Security company honors employee killed in Strip shooting


Angelica Cervantes with Miguel Cervantes receives a painting of her son Erick Silva fromBill Minson as Contemporary Services Corporation hosts a ceremony for the employee who lost his life while helping others at the Route 91 Harvest Music Festival on Friday, Dec. 1, 2017. The painting is by artist Renee McDonnell.

Fri, Dec 1, 2017 (4 p.m.)

Angelica Cervantes fought back tears as she embraced Jay Purves, Nevada vice president for Contemporary Services Corp., in a small parking lot just off the Las Vegas Strip.

In sight, less than 1,000 feet away, were the grounds where Cervantes’ son Erick Silva lost his life helping others to safety amid a barrage of gunfire at the Route 91 Harvest festival on Oct. 1.

The 21-year-old Las Vegan and three-year CSC employee was remembered today at a ribbon-cutting ceremony before about 70 family members, CSC staffers and Las Vegas residents to dedicate the private security company’s training facility in his name.

“I’m very proud of Erick and I hope this training center can help develop more people like him,” Cervantes said in Spanish. “He will always be in our hearts.”

Silva was one of 58 people killed as a gunman fired thousands of rounds into the crowd from the 32nd floor of Mandalay Bay. Silva was pronounced dead at Sunrise Hospital and Medical Center after sustaining bullet wounds to the head.

A walk into the facility at 105 E. Reno Ave., which now carries Silva’s name on the front door, revealed a large plaque with a picture of Silva standing in his CSC uniform.

Next to the plaque, a framed display of his uniform was accompanied by a blue CSC medal and white gloves worn at his funeral on Oct. 12.

Cards and drawings from local elementary school students thanking CSC for its heroic actions during the Oct. 1 massacre hung on an opposite wall.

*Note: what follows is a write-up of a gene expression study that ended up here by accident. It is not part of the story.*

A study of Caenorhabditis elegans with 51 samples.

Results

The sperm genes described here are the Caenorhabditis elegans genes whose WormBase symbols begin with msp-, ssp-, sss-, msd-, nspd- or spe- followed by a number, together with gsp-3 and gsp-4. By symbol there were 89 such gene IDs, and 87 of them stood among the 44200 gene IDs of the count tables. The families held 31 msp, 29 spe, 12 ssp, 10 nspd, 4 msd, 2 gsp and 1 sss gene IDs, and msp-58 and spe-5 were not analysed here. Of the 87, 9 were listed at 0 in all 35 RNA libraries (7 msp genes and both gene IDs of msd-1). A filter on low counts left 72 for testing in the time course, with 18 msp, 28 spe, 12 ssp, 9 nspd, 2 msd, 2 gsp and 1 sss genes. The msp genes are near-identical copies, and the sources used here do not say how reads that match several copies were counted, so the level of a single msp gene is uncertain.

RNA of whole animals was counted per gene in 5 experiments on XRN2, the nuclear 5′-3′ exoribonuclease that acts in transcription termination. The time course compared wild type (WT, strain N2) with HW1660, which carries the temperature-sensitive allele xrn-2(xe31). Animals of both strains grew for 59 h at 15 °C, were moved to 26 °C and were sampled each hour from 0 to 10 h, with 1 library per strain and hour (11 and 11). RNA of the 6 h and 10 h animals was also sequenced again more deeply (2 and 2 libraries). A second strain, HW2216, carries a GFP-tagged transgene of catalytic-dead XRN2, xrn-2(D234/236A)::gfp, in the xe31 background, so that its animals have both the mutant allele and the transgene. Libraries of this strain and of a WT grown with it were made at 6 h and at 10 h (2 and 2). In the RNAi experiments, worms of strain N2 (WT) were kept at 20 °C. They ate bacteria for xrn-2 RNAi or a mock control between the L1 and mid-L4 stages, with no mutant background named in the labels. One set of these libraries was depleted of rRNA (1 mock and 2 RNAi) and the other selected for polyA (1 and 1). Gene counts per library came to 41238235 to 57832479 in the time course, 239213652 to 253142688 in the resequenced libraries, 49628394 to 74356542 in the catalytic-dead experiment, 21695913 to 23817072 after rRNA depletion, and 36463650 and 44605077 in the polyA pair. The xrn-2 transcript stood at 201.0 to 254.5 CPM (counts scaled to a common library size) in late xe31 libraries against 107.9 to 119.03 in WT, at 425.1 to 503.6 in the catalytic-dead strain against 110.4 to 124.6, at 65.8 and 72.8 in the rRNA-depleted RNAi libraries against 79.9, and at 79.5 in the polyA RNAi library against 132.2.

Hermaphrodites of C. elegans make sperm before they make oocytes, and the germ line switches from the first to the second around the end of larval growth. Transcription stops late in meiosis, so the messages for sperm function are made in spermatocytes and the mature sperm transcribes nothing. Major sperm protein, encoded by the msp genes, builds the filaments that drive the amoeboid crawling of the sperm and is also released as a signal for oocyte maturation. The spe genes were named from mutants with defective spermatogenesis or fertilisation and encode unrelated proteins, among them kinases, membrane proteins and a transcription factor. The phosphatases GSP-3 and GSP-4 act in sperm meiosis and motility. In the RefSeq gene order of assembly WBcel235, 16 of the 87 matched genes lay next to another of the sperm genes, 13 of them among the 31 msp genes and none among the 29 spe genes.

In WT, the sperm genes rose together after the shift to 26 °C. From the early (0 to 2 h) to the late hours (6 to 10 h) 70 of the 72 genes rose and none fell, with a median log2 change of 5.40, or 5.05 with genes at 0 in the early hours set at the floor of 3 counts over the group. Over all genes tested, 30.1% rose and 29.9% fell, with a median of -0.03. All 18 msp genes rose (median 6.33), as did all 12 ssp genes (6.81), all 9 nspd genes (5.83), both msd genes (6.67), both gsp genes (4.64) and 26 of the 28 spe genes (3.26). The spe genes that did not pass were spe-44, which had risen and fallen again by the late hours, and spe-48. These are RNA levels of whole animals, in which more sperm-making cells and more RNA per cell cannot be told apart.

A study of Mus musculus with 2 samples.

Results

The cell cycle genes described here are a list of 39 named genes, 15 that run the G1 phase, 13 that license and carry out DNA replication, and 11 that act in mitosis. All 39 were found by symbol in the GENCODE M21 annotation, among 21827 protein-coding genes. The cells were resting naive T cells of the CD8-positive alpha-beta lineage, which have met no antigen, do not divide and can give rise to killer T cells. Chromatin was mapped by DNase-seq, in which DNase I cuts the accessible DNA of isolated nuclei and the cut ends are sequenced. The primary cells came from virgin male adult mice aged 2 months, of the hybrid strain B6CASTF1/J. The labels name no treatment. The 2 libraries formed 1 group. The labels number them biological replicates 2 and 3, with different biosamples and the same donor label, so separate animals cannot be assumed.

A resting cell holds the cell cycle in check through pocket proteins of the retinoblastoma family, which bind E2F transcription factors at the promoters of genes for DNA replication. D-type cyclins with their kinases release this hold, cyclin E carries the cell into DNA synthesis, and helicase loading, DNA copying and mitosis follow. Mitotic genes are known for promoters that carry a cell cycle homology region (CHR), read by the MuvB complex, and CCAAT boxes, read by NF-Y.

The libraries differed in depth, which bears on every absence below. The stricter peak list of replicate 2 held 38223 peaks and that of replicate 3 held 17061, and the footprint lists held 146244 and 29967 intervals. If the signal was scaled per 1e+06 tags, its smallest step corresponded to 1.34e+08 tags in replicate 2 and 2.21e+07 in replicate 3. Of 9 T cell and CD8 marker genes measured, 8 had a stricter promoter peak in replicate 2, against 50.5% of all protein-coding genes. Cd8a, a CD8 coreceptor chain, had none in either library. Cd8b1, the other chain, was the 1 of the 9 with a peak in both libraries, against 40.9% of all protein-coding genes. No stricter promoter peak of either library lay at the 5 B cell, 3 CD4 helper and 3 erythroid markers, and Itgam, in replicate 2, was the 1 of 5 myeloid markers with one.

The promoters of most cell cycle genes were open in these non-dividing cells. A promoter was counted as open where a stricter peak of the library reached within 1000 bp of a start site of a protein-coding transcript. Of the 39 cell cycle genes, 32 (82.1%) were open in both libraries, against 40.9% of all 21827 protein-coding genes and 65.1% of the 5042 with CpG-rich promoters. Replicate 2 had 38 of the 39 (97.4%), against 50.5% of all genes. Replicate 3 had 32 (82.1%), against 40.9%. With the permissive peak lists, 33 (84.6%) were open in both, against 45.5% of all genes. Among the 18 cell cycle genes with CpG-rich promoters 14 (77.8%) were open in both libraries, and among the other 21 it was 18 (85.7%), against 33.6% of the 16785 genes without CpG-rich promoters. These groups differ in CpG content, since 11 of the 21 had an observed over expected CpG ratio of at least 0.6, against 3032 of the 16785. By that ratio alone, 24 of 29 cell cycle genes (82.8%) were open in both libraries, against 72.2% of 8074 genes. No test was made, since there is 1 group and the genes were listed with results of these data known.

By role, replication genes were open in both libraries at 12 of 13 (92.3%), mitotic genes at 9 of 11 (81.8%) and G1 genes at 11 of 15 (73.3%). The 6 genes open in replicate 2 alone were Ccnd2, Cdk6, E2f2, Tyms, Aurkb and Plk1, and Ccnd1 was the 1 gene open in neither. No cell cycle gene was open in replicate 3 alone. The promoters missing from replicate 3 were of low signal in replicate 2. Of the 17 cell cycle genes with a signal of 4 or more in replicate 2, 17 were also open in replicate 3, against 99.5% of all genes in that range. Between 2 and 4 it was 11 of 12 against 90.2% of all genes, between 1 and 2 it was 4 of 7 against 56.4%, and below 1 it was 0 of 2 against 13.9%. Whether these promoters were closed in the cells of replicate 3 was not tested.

Purves presented an identical version of the plaque and framed uniform to Cervantes and Silva’s stepfather, Gregorio de la Rosa, moments before they cut the ribbon to rededicate the training facility.

“He was beloved son, a trusted friend and CSC family member,” said Purves, who along with CSC Manager Gina Argento had promoted Silva to supervisor just days before he was killed. “Hundreds of current and future team members of CSC Las Vegas will complete their training understanding the high expectations embodied by Erick Silva.”

The training facility welcomes about 600 CSC staffers and private contractors through its door each year, nearly all of whom contribute to the company’s dozens of annual jobs in the Las Vegas Valley, including the Electric Daisy Carnival, Las Vegas Golden Knights games and NASCAR races, Purves said.

Other CSC staffers in charge of scheduling and recruiting also have their offices inside the Erick Silva Training Center.

A graduate of Las Vegas High School, Silva would work up to 20 hours a day during major events and was known for his ability to stop fence jumpers from sneaking into events without a ticket, Argento said.

Like so many other CSC staffers on duty on Oct. 1, Silva reacted heroically before his death. In his final moments of life, he helped people jump over the stage’s side barricade he normally protected to seek cover.